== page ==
The Fall Part 2: Unbound
Science fiction sequels can usually go one of two ways -- either they expand on the fiction in creative and exciting ways like Blade Runner 2049, or they completely ruin everything that was good about the self-contained first story like the two Matrix sequels. When it came to a follow-up for The Fall, I found myself a little indifferent. I remember enjoying the first game, but didn't get emotionally invested in the world and characters. Now that I've played The Fall Part 2: Unbound, I'm excited to say that this sequel blows the first game away and adds to the story in ways I wasn't expecting. This is no Matrix Reloaded.

This brand new sequel takes place immediately after the events of the first game. We see that Arid is having something of an identity crisis. She's an AI program that has managed to break free of her rules, only to find that a human "user" has infected the network with a virus that threatens to shut Arid down. This sends her on a mission to save herself and hunt down this user before it's too late.


I wasn't exactly sure what to expect going into The Fall Part 2: Unbound, but I can tell you right now that I hadn't even considered that a sex robot would be part of the fun. Let me back up. In order to complete her mission, Arid will need to team-up with some of the different robots that make up this futuristic world. And when I say team-up with them, what I really mean is that she subtly (and not-so-subtly) convinces them to help take down this rogue User.

This gives us an opportunity to experience this world from several completely different perspectives. One of my favorite stories involves a robot soldier that has somebody broken free of the collective hive mind. He paints, listens to music and has come to the realization that he's an individual that is able to think for himself. His story is, at least initially, completely separate from that of an anal retentive butler who can't seem to break free of an endless loop and that companion robot who is just looking to help people.

No matter which story you're playing, the basic structure comes down to a mix of point and click adventure gaming and run 'n gun shoot-outs. Each character has a set of puzzles to solve, so you'll need to explore the surroundings and interact with everything. This means a lot of clicking on useless objects in hopes of finding the right solution. But then, from time to time, the game will toss in a few action stages that always feel half-baked.

The Fall Part 2: Unbound (PC)Click For the Full Picture Archive

On second though, I wouldn't say they all feel half-baked. Yes, the shout-outs are painfully repetitive, but the hand-to-hand combat is pretty good. These brief sections remind me of something like Kung Fu or Vigilante, where all you do is kick and punch people rushing from both sides. This is a good example of just how different these three stories end up being. Everything from the look to the puzzles to, yes, the combat feels noticeably different from one character to the next.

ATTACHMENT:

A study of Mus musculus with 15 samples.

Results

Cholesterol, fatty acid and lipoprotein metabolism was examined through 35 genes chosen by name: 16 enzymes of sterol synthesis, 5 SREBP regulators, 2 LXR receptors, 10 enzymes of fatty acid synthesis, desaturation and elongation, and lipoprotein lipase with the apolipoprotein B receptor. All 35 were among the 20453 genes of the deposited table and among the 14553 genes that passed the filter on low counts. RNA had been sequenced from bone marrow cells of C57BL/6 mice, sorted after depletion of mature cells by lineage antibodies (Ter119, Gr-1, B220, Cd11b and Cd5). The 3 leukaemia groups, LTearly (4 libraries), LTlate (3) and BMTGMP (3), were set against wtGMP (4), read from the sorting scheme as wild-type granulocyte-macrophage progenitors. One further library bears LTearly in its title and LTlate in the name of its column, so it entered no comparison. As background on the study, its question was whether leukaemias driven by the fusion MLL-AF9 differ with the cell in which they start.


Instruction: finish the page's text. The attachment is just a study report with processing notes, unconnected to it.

That's easily the best thing about The Fall Part 2: Unbound. I found myself completely sucked into these three stories and caring what happened to these robots. I also cared what happened to Arid and wanted to know more about this world. And without giving anything away, all of these parts manage to come together in some fun and clever ways. This really is a story about self-discovery, and I love how the game comes at the theme in a bunch completely different ways. I have a hunch I'm going to be thinking about Arid's journey for some time to come.

It's a good thing the story is so strong, because the gameplay continues to be the worst part of this franchise. Even when she's at the top of her game, Arid is still stiff and not as responsive as you would like. This is especially true when we're locked in one of the many shoot-outs, where suddenly doing simple things like jumping and turning around become a nightmare. The Fall Part 2 seems aware of these shortcomings and gives us a way to quickly aim at the enemies, but it's clear that this game was not designed with combat in mind.

The Fall Part 2: Unbound (PC)Click For the Full Picture Archive

When I reviewed the first game back in 2014, I complained that too much of the game took place in one boring location and the puzzles were occasionally obtuse. Well, the puzzles can still be a bit obtuse at times, but at least we're given a bunch of different locations to explore. This is a much bigger game than the first, and the change in scenery is a big improvement. That said, I do wish more was done with these individual locations. When it comes right down to it, I would have preferred another two or three hours with these robots to Arid running around and shooting smoke monsters.

After being mixed on the first game, I find myself completely sucked into the world of The Fall Part 2. I loved the characters, the adventure game scenarios and how the story ultimately plays out. Unfortunately, the compelling narrative is bogged down by stiff gameplay and lame shoot 'em up sections. But even with those criticisms, The Fall Part 2: Unbound is a vast improvement over the original that delivers a thought-provoking story you won't be able to stop thinking about.